Below is an updated version of a rant I posted on my original Typepad blog 10 years ago. I loved that blog. Oh, for simpler times.
Sorry to be resurrecting these old posts but personal family issues are keeping my mind occupied and holding back original content creation. Not an excuse – just a reason.
Literally, nothing has changed in 10 years…. program design is still the most lacking element of almost every incentive and reward strategy. And the major reason people hate incentive programs. They haven’t been part of a good one.
The post I wrote years ago was precipitated by a post on Freelancer.com and I was dumbstruck. Freelancer.com is a site where you can post a job and ask for bids on the job from freelancers (duh…) The request was from a company looking for help designing and launching a loyalty program for their distribution channel.
From their post on Freelancer.com:
I need someone to help design a loyalty and incentive program. The program is intended to support and drive sales within a complex telecoms distribution model/chain: to increase sales and improve the relationship we have with distributors, resellers, and agents selling airtime and prepaid sim cards.
We are looking for a program design similar to the Boots or Tesco’s point system i.e. the program sets to change behaviour and encourage collection of points which can be redeemed against a host of incentives and rewards. The scheme can be points based vai e card or coupon based.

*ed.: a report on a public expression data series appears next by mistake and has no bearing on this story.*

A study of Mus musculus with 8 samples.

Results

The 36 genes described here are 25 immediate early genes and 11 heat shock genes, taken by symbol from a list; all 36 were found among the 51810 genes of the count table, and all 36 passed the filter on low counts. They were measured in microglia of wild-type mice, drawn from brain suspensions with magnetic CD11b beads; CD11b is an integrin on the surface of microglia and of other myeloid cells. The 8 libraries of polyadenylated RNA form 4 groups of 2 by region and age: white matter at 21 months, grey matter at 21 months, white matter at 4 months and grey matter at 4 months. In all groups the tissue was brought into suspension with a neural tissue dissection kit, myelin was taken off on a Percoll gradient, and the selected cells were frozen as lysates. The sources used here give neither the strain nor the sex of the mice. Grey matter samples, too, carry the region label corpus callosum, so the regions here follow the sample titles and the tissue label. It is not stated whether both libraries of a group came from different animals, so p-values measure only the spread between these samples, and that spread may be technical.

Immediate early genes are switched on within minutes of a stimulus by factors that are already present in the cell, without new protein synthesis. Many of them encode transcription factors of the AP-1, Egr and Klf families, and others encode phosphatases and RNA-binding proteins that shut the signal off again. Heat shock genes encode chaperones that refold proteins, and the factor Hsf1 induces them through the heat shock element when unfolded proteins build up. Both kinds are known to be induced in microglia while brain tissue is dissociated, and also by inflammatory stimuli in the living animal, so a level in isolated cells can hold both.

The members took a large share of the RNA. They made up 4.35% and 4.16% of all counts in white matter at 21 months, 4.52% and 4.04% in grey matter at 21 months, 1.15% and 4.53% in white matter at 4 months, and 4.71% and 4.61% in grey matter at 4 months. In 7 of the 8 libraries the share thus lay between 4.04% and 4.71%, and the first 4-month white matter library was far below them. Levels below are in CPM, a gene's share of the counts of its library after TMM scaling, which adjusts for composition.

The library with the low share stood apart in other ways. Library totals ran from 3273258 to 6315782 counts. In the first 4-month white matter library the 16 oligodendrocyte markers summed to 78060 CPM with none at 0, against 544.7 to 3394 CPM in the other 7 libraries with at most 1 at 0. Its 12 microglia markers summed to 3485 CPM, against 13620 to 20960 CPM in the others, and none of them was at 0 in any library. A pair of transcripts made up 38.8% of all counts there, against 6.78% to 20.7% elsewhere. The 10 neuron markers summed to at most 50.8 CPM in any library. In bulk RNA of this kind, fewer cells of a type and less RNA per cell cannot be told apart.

If you are interested, or you already have a on-line loyalty card system please send us a link of your work.
Please apply only if you have knowledge and have done something similar before.
Interesting that they would go to Freelancer.com for that (instead of me) but here’s the real killer in all this….
Their budget is $250 – $750.
Yup. Less than a grand.
Now read the description of what they want again. Complex distribution model/chain, program like Tesco (huge btw) – linked to fulfillment engine, and oh, yeah – ecard or coupon system too. Why not ask for cold fusion as well? Heck – they seem to have the budget right?
But the thing that got me laughing more than the paltry budget was the bids…
4 bids – Average value $588. (in today’s money it would be $734.93 so even that is paltry)
I’m guessing they will get one hell of a program.
The Real Costs
Just to put this in perspective – if you really want a loyalty program, you’re gonna need to spend a lot more than $588. You can’t get great business cards for that – let alone great loyalty program design. Multiply that budget by 100 at least for the strategy – and 1,000 for implementation. Nothing good in this world is free or cheap.
I take that back – a lot of stuff is free or cheap… and it litters the business deadpools and consumer landfills.
I put this out there to solicit your input. “I” think this is a bad idea.
But there may be folks who think this makes all the sense in the world. What do you think? $588 for loyalty program design? $588 for your employee recognition program?
Lest you think I’m making this up – below is a screengrab of the request…
So I ask…
Does this make any sense? If you think it does. Comment. Let me know.
I really want to be sure I’m not overpricing my 30 years’ experience designing and operating multi-million dollar incentive platforms for various clients. I’m guessing I’m much much more expensive than that.
And the reason is …. Wait for it… I’m worth it.
Reminds me of a joke I heard in a movie once:
Why are divorces so expensive?
Because they’re worth it.
Stay frosty. Don’t be cheap. Call me.
My advice is valuable sooner and later. But sooner is better. Just click this link and we can talk through how to design the best incentive program with knowledge not ignorance.